May 29 (Bloomberg) -- Cyprus’s banking system saw deposits shrink by over 6 billion euros in April as the country imposed losses on uninsured savers at Bank of Cyprus Pcl to meet terms for a financial rescue by the euro area.
Total deposits in Cyprus’s banking system dropped to 57.4 billion euros ($74 billion) from 63.7 billion euros in March, a decline of 9.9 percent, according to a statement posted on the Central Bank of Cyprus’s website. The month’s drop is the biggest since at least Dec. 2005 and follows a decline of 3.8 billion euros in March, bringing the deposit loss to 15 percent since February.
The April data reflect the “bail-in” of Bank of Cyprus depositors with savings of more than 100,000 euros, the central bank said. Of those accounts, 37.5 percent was converted into equity, the bank said. A further 22.5 percent and 30 percent of these so-called unsecured deposits are temporarily blocked and remain categorised under deposits, it said.
Cyprus agreed on March 25 to a 10 billion-euro loan from the euro area and the International Monetary Fund in return for measures including a levy on savings of more than 100,000 euros at Bank of Cyprus and the resolution of second-biggest lender Cyprus Popular Bank Pcl. Those concessions were demanded by creditors in a bid to shrink the country’s banking sector and led to Cyprus imposing the first capital controls in the euro area.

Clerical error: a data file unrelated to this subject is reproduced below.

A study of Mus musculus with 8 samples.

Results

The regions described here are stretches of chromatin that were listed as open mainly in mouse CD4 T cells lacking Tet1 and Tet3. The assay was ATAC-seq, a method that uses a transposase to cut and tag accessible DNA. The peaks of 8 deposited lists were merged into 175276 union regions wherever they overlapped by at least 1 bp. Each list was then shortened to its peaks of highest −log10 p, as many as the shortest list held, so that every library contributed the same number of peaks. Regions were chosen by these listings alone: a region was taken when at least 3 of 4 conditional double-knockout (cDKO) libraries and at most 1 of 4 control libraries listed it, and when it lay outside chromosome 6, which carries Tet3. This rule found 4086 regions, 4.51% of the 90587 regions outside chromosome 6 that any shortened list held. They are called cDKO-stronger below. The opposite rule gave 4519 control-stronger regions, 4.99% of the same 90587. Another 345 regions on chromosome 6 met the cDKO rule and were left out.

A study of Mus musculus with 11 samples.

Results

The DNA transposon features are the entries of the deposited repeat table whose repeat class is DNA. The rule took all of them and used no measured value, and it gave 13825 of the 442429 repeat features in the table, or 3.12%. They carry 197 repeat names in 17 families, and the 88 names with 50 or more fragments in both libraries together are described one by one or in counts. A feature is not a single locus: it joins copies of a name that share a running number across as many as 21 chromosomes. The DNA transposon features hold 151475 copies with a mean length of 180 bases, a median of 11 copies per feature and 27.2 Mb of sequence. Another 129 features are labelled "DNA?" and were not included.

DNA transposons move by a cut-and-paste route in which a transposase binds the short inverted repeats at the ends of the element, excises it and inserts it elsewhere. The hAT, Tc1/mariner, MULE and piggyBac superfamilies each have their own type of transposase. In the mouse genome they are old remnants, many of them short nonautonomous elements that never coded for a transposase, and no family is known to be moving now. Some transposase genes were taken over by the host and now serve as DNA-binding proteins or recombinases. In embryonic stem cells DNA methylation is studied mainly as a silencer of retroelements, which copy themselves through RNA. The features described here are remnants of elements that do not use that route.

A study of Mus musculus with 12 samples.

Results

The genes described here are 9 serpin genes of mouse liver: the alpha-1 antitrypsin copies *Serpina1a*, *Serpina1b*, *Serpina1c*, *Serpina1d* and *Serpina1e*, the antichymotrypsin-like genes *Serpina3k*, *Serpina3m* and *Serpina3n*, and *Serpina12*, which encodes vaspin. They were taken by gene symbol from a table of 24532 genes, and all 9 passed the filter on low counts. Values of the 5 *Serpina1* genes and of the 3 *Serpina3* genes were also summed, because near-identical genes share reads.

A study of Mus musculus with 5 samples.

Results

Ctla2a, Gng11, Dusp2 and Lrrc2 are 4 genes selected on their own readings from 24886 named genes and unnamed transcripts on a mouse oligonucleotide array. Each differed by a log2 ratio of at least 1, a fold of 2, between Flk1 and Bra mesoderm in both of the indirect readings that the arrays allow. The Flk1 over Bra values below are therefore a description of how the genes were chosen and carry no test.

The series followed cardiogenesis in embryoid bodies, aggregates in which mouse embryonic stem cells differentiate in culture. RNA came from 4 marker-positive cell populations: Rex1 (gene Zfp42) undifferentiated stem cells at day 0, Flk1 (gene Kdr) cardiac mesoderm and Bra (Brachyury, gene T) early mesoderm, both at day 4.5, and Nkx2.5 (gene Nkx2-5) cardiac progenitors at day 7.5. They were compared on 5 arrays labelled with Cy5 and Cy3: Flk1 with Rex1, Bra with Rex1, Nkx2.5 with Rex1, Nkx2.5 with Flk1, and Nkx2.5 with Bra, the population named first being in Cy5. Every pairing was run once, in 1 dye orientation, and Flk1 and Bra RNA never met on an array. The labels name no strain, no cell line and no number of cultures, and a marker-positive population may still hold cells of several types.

Deposits held by non-euro area residents on the island fell to 15.9 billion euros from 19 billion in March, according to today’s figures. Domestic residents’ deposits dropped to 38.3 billion euros from 41.3 billion euros, while deposits held by other euro area residents fell to 3.1 billion euros from 3.4 billion euros.
The first decision by the euro area to make savers pay for a financial rescue led to deposits dropping in Greece as well.
Greek household and business deposits in April fell to 162.3 billion euros from 164 billion euros in March, the first decline so far this year, according to a statement on the Bank of Greece’s website.
Bank of Greece Governor George Provopoulos said today authorities took quick action to shield the economy from the Cypriot crisis and the outflows at the start of April have stopped.